Older adults can have an especially hard time with the holidays. There are many causes. The loss of an important person in the last year, or the anniversary of a loss or traumatic event can make memories come back that can dampen spirits. Family misunderstandings and conflicts can intensify — especially if it’s all thrust together for several days. Conflicts are bound to arise with so many different personalities, needs and interests. On the other hand, if he or she is facing the holidays without a loved one, he may be especially lonely or sad.
Not being able to do what they used to do in years past can be difficult to handle as an elder may be “stuck” on looking at what they used to do during the holiday season. It can be hard to cope with the reality that a six course dinner for twelve isn’t feasible anymore.
For some people, holidays are a source of stress. Falling into the trap of becoming isolated by limitations or leaning on fantasies of how holidays should be can lead to depression and can be avoided.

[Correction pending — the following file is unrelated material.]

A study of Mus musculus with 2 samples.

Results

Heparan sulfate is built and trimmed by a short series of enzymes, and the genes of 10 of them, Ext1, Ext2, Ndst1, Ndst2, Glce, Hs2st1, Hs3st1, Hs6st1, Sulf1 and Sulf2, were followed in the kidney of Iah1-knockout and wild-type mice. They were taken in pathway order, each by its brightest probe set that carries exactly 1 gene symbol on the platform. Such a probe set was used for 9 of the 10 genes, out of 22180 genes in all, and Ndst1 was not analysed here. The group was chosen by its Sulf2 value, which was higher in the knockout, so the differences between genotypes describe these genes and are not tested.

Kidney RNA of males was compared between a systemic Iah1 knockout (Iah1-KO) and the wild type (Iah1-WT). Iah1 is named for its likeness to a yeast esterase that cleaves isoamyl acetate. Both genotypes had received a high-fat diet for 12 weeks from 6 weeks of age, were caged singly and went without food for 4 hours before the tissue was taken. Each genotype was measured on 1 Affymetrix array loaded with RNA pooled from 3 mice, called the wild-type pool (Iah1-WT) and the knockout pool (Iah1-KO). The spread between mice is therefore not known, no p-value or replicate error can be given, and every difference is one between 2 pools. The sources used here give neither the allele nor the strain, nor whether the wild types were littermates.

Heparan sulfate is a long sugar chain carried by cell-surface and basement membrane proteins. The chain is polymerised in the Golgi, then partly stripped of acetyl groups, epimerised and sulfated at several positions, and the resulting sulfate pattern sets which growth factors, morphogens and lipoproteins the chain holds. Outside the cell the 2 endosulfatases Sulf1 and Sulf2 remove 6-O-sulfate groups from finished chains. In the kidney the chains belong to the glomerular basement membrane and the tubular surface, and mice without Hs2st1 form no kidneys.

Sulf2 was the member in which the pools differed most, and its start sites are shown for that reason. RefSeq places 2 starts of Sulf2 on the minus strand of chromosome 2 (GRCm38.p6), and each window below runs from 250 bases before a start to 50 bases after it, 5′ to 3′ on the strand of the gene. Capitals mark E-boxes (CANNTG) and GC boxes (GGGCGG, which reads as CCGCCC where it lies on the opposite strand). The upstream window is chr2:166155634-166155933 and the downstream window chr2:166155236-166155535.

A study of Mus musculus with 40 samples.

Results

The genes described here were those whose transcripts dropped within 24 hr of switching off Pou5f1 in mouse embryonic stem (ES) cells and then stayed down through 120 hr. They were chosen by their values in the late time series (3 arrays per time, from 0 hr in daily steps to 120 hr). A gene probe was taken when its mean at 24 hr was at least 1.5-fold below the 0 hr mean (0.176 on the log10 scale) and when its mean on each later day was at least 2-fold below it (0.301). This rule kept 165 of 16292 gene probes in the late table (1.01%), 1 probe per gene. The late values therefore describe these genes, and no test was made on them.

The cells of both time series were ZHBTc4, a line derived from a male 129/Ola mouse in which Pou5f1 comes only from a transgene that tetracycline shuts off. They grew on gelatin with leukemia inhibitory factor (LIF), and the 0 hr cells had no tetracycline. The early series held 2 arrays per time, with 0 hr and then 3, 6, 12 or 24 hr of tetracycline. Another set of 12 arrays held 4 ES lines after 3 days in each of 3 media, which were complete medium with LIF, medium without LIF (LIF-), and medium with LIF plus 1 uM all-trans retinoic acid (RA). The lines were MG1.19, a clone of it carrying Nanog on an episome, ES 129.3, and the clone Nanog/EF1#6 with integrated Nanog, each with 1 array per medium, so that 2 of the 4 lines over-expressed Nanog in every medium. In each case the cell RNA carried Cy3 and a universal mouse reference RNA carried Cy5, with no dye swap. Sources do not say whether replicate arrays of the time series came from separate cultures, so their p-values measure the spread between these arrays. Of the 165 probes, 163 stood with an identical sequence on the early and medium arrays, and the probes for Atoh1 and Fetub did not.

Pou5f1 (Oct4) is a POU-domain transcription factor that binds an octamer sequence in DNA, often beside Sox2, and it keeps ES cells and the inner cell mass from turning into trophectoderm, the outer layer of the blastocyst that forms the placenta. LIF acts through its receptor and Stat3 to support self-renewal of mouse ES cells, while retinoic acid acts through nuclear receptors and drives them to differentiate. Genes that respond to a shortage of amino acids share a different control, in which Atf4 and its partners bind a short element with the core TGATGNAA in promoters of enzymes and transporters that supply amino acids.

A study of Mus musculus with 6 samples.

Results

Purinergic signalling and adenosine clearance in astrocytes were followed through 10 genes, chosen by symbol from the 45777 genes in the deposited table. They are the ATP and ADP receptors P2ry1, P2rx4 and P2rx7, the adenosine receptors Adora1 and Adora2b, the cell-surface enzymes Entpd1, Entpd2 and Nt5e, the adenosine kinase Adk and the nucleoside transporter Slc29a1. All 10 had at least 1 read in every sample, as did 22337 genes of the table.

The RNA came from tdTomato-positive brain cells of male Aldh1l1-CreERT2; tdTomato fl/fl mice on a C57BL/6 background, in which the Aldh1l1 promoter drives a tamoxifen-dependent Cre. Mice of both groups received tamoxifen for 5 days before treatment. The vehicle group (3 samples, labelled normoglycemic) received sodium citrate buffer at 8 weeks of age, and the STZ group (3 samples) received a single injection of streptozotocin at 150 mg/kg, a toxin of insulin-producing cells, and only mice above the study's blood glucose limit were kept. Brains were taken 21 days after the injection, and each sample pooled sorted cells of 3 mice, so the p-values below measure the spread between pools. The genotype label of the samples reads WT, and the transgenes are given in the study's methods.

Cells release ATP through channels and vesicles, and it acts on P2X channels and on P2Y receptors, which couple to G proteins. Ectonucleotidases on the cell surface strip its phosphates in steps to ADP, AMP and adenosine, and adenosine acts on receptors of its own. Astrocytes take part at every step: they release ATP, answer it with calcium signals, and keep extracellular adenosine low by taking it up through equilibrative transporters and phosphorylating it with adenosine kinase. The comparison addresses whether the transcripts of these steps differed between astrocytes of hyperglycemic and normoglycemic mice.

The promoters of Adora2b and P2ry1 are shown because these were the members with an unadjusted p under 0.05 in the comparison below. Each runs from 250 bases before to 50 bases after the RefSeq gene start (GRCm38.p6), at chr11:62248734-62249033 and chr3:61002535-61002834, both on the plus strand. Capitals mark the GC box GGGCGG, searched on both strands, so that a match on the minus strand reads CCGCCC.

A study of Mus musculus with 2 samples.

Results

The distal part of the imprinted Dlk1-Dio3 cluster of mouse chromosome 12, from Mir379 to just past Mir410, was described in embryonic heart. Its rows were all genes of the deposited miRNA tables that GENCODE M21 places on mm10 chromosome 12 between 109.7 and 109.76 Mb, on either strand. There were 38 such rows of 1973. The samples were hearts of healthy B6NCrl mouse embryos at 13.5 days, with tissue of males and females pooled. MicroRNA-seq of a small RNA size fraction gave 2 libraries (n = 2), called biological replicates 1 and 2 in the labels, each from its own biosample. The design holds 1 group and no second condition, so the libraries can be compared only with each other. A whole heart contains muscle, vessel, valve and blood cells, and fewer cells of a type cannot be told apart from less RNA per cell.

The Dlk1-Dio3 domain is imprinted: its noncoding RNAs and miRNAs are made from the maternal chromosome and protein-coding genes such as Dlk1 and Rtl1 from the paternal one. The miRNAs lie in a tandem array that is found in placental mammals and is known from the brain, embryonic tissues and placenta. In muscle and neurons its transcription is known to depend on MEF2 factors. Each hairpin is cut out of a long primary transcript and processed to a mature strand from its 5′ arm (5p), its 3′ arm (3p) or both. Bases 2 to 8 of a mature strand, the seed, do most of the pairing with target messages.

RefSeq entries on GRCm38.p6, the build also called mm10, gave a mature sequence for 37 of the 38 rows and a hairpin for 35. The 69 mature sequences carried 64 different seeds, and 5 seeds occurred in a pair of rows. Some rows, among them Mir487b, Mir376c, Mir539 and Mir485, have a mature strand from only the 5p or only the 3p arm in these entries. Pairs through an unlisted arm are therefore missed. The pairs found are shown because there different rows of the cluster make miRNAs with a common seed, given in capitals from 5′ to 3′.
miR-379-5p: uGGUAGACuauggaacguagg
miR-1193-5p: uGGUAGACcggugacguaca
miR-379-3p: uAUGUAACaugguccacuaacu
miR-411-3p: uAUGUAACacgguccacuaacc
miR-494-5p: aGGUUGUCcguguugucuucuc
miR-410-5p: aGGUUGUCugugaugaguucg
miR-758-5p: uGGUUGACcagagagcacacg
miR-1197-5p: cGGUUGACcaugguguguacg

Elders can anticipate the stressful periods of the holiday by preparing ahead for the people and situations that create stress. Keep in mind that taking care of oneself is a gift to everyone else because everyone ends up having a happier and healthier holiday. Encourage your loved one to take some time this holiday to do a little pampering, give a gift to themself. Treat him or her to a foot bath and massage with nicely scented soap.
Develop new traditions. Space events throughout the holiday season. Take your loved one for a ride to enjoy Christmas lights. Have your parent help wrap presents. Write out Christmas cards together while listening to Christmas music. Watch a favorite Christmas movie together.
While the feeling of the blues may vanish once the holidays are over, it is possible that your loved one is experiencing true depression. Click on the key word “Depression” to go to other posts about depression.